1. Identify the conclusion and premises. 2. Use the Why Test and then match your conclusion against the five answer choices. 3. Be careful not to fall for the opposite. 4. When down to two choices, look for extreme wording and relevance to eliminate one choice.
Identify the conclusion, premises, and assumption of the author. 2. If you're having trouble finding the assumption, look for a gap between two different ideas in the argument. 3. The assumption will always strengthen the author's conclusion and is Necessary for the conclusion to follow from the information provided. 4. When down to two choices, negate each statment to see if the argument falls apart. If it does, that's your answer.
1. Identify the conclusion, premises, and assumptions of the author. 2. Look for language in the conclusion that is not accounted for in the premise. 3. Paraphrase an answer that would strongly connect the premise to the conclusion and shore up the language gap. 4. Eliminate answer choices that bring in new information.
1. Identify the conclusion, premise, and assumption of the author. 2. Read critically, looking for where the author made large leaps in logic. 3. Then, when you go to the answer choices, look for a choice that has the most negative impact on that leap in logic. 4. Assume all choices to be hypothetically true.
1. Identify the conclusion, premise, and assumptions of the author. 2. Read critically, looking for where the author made large leaps of logic. 3. Then, when you go to the answer choices, look for a choice that has the most positive impact on that gap. 4. Assume all choices to be hypothetically true.
1. Identify the apparent discrepancy or paradox. 2. Go to the answer choices and look for information that, when added to the argument, allows both facts from the argument to be true. 3. Assume all choices to be hypothetically true.
1. Read carefully, paying close attention to qualifying language, and then go to the answer choices. 2. Once there, cross of any answer choices that are not directly supported by evidence in the passage. 3. Look for relevance and extreme language to eliminate answer choices. 4. Use the contrapositive if there are "if...then" statements contained in the passage and in the answer choices.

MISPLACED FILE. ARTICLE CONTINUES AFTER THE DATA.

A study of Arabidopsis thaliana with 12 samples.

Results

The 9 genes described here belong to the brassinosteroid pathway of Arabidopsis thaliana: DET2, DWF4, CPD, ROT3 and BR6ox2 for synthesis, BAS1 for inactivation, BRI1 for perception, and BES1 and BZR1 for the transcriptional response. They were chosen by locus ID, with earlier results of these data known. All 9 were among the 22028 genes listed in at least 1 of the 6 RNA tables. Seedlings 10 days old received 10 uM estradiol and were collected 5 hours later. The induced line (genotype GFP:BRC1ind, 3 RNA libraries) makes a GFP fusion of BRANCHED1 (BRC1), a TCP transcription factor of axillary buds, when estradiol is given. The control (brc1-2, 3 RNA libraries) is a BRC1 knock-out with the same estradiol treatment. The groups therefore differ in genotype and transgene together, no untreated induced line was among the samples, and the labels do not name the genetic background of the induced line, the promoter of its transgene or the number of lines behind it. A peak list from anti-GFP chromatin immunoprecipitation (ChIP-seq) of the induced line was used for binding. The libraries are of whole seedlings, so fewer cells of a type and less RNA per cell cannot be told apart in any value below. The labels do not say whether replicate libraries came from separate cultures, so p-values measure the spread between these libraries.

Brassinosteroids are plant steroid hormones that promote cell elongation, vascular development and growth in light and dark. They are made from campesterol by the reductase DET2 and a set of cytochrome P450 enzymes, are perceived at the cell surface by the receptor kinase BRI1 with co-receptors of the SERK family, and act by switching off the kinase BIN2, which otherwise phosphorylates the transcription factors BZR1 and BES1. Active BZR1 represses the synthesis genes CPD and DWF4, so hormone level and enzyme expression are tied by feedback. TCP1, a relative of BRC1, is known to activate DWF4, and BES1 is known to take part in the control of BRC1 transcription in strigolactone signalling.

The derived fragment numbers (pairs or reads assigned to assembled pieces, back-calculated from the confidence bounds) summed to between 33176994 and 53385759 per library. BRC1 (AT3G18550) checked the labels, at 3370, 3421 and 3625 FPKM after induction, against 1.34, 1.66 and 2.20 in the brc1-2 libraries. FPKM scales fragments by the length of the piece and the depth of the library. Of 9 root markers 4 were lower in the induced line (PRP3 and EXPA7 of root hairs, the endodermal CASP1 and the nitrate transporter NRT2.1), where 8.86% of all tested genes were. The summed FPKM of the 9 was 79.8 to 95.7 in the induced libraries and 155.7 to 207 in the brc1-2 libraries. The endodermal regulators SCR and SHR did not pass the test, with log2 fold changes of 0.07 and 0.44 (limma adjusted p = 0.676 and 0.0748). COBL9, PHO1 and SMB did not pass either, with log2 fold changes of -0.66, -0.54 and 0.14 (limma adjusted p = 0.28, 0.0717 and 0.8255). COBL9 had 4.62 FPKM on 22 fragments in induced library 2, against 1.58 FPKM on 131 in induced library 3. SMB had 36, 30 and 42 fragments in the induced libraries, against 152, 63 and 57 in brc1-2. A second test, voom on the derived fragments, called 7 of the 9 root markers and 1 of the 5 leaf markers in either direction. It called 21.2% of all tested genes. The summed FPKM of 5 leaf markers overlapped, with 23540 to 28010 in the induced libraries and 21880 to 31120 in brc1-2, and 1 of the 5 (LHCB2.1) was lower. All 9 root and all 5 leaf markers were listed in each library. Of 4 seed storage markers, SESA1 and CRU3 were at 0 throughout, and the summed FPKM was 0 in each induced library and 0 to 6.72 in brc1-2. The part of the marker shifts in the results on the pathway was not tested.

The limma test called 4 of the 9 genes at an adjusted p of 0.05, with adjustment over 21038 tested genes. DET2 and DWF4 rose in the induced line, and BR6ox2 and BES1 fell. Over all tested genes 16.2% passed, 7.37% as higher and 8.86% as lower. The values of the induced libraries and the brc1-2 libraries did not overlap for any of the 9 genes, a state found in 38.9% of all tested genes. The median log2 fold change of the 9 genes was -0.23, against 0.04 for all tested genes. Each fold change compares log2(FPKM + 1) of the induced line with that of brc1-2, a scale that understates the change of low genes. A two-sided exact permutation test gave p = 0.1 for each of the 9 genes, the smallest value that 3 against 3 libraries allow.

1.Read the argument carefully and then describe what is happening in your own words, focusing on the author's conclusion. 2. Take this description and rigorously apply it to all the answer choices. 3. Once you're at the answer choices, use the technique of comparing the actions described in the answer choices against those that actually occur in the arguments. 4. Cross out anything that didn't appear in the argument.
1. Break down the argument into its parts; the flaw is usually related to an assumption. 2. State in your own words what the problem with the argument is. 3. With each answer, try to match the actions described in the answer choices with those of the argument itself. Look for the choice that has the same problem you found. 4. Eliminate the answers that don't match; look for the answer that addresses the assumption.
1. Make sure you're clear as to which direction the argument is flowing-are you being asked to find something that supports a decision or that conforms to an idea? 2. Once you're sure, look for the answer that either justifies the action or matches the principle in the argument.
1. Parallel-the-Reasoning questions will either contain flawed or valid reasoning, and the question will tip you off. 2. Try to diagram the arguments and then diagram each of the answer choices, comparing each one to the diagram you came up with for the argument itself. 3. If the argument is flawed, be careful not to choose an answer that fixes it. 4. Save Parallel-the-Reasoning questions for LSAT.